As counting continues in the Victorian election, Labor’s prospects of controlling the new upper house have slid further into doubt.
Labor is assured of 19 seats out of 40, with another two in doubt. One is star recruit Evan Thornley in Southern Metropolitan: he has been losing ground as the count progresses, and it now looks likely that the region will return just one ALP, three Liberals and one Green. The below-the-line votes could still change the picture, but Thornley’s chances don’t look good.
Also in trouble, however, is Elaine Carbines, Labor’s number three in Western Victoria; Labor and the Liberals will get two each there, but the fifth is now up for grabs, with a serious possibility that the DLP will win a seat.
To win, the DLP has to do three things: first, get ahead of rival fundamentalists Family First; second, with the aid of Family First preferences, get ahead of the Nationals (who will also have what’s left as surplus from the Liberal ticket); third, keep the Greens ahead of the ALP at the end of the count.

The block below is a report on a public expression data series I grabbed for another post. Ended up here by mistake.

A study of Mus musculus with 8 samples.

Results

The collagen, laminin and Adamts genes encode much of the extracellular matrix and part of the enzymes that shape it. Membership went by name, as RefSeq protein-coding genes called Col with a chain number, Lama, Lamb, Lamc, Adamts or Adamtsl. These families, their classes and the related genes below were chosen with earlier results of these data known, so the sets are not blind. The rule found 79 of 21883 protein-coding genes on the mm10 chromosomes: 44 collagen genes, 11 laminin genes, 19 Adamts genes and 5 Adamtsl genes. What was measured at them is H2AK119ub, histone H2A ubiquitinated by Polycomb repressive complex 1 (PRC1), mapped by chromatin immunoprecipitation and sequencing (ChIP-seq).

If they fall at either of the first two fences, then the final spot will be fought out between the Greens and ALP; whichever gets ahead will win on the preferences of the other. But if the DLP stays in, and the Greens are ahead of the ALP, then ALP preferences go first to the DLP, and will elect them.
At the moment, the DLP is passing all three tests, although like Southern Metro it will depend on the distribution of below-the-line votes.
The Greens have been improving through the count; that increases their chance of winning, but only if the DLP gets knocked out by either Family First or the Nationals. If the DLP gets up instead, it will be entirely at the gift of ALP preferences: a repeat of the 2004 Family First Senate victory.
So Labor would lose upper house control and be in for more internal recriminations, but it would not be all bad news. It would have an extra option in the same way that John Howard does with Steve Fielding: support from the DLP would give it the 20 votes to block opposition motions or, if Thornley gets up, the 21 to pass legislation.
And the DLP preference deal did involve a quid pro quo: in Northern Metro, the DLP varied its usual practice to preference the third ALP candidate, Nazih Elasmar, ahead of the Liberals. The Labor vote has been dropping throughout the count; Elasmar will get up comfortably, but without those DLP preferences his spot would be looking precarious.